Humans have always been fascinated by flight. As Ty Hedrick says `over the last century we've become pretty good at flight on a large scale', so now we defy gravity with propellers and jets. But understanding the forces that keep our feathered friends aloft; that's a different matter. Hedrick explains that until recently, only one study had measured the forces acting on a bird in flight directly,when a team in Germany fitted accelerometers to a pigeon. But that was 20 years ago, and the technology only allowed them to analyse one wing beat. Since then, no one had succeeded in directly measuring the net forces acting on a flying bird, until Hedrick and his colleagues, Jim Usherwood and Andy Biewener, fitted accelerometers to cockatiels. By convincing the birds to fly steadily in a wind tunnel while the team videoed the bird's flight, Hedrick and his colleagues have collected the first instantaneous measurements of the net forces that keep birds aloft(p. 1689).
For Hedrick, the birds were the least of his problems; cockatiels are enthusiastic fliers. The difficulties were in synchronising the video and accelerometer data. Hedrick explains that he needed to know the position of the bird's body at each instant of the wing beat, so that he could correct the accelerations measured on the body as the bird twisted, tilted and moved,ultimately measuring the true aerodynamic forces. Hedrick remembers that the first acclerometer trace `was full of crazy peaks', and nothing like the smooth traces he was expecting. But after laboriously correcting the acceleration data according to the bird's orientation and movements, all the peaks vanished leaving Hedrick with a realistic record of the accelerations and forces the bird experienced. `Now we knew we could do this, and it was going to work' says Hedrick.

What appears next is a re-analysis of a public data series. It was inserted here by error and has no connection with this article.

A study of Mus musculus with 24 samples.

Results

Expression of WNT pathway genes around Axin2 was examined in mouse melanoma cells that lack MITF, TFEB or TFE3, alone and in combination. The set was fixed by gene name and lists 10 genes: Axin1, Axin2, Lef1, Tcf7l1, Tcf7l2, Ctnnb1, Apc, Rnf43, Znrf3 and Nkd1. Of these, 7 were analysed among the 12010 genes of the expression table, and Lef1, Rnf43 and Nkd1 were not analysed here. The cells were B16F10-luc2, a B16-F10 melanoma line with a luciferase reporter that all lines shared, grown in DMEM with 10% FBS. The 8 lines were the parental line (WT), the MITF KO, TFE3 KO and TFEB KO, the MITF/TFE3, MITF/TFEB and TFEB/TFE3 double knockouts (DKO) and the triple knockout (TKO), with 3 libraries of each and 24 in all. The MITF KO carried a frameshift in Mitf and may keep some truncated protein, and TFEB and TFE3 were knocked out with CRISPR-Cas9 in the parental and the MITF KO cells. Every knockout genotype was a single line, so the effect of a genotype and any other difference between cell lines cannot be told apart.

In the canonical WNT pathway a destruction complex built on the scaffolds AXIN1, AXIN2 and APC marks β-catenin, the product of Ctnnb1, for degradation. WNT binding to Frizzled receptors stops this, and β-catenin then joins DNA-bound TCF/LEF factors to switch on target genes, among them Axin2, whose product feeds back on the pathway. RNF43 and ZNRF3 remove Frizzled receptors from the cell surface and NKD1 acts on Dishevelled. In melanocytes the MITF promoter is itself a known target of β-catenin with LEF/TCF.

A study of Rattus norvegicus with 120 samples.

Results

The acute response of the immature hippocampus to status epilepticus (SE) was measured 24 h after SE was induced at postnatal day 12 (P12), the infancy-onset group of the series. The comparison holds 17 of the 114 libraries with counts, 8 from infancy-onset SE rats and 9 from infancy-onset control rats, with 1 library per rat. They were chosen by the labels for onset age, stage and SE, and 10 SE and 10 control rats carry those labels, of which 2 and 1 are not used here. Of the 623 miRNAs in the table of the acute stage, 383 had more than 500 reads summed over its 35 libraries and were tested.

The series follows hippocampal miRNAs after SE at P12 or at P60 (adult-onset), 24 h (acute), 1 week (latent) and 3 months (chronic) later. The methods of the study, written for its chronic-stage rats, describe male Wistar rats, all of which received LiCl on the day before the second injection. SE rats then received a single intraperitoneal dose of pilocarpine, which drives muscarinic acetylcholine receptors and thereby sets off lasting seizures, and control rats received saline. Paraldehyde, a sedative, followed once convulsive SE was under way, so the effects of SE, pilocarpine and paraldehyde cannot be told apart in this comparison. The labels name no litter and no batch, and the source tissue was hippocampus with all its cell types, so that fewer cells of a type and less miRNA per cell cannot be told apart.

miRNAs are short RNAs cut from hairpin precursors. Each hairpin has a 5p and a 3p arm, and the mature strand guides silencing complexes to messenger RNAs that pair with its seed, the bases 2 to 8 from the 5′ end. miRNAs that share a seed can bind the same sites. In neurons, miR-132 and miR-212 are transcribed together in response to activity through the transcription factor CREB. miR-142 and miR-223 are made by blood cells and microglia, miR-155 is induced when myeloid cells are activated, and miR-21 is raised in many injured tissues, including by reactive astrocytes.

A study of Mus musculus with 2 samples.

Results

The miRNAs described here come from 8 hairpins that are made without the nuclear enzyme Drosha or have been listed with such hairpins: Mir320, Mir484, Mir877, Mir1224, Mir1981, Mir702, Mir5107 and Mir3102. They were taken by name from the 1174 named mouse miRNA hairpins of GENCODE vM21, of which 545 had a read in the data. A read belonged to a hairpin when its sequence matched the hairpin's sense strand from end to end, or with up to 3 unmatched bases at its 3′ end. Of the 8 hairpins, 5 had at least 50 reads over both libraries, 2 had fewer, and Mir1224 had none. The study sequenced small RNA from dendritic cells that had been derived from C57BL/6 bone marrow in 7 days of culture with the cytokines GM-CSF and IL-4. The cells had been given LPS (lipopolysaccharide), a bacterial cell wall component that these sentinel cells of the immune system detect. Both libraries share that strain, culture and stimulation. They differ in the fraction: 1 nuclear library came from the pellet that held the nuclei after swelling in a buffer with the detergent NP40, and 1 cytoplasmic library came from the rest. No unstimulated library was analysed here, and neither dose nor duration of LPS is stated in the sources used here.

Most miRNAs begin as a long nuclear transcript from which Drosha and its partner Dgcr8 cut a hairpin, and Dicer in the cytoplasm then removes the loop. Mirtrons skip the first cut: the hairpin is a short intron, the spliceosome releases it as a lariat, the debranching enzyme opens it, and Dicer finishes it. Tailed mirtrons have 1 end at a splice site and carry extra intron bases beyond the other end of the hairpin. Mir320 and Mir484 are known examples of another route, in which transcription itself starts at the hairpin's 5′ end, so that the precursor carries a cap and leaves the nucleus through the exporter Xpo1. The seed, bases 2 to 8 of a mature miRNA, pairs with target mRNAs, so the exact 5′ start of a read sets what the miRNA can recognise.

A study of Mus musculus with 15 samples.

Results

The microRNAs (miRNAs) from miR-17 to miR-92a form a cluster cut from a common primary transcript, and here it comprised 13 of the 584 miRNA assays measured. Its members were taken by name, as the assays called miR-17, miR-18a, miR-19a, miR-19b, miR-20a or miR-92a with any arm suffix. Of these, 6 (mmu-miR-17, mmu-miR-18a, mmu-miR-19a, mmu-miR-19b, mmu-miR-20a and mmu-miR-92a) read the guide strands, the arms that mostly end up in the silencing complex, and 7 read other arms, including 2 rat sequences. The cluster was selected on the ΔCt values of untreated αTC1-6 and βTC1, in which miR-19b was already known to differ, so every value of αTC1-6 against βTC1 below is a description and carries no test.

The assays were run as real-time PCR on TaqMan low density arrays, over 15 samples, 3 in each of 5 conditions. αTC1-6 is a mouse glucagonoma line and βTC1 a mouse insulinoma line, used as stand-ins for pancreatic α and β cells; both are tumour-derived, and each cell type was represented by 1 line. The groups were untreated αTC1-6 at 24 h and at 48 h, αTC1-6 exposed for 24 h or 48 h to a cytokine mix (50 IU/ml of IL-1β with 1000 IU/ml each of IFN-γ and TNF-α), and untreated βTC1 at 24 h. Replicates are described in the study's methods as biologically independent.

After putting the birds through their paces at speeds ranging from 1 m s–1 to 13 m s–1, Hedrick noticed that the cockatiel's flight pattern was smoothest around their cruising speed of 7 m s–1. At low and high speeds, the lift produced by each upstroke was a fraction of the downstroke's force, so the birds were bounced along by each wing beat. But at intermediate speeds, the down and upstrokes were better matched, giving the birds a smoother ride.
Hedrick adds that although it was widely accepted that the downstroke generates a significant amount of lift during a wing beat cycle, there was some debate about the upstroke's contribution to aerodynamic forces. Was the upstroke generating lift, or simply a way of returning the wing back to its starting point? The Harvard team's results suggest that the upstroke's main contribution to flight is simply to return the wing to the top of the cycle,while minimising the effects of drag.
Knowing that the upstroke appears to contribute little to the aerodynamic forces of bird flight, the team wondered whether the upstroke comes with an energetic penalty; after all it takes energy to lift the wing's weight. The accelerometer data showed Hedrick and his colleagues that although the birds used all of the kinetic energy of the downstroke producing aerodynamic force,the same was not true for the upstroke, the energy was not recovered from the wing for later use. In fact the upstroke cost the cockatiels a significant 14%of their energy in flight.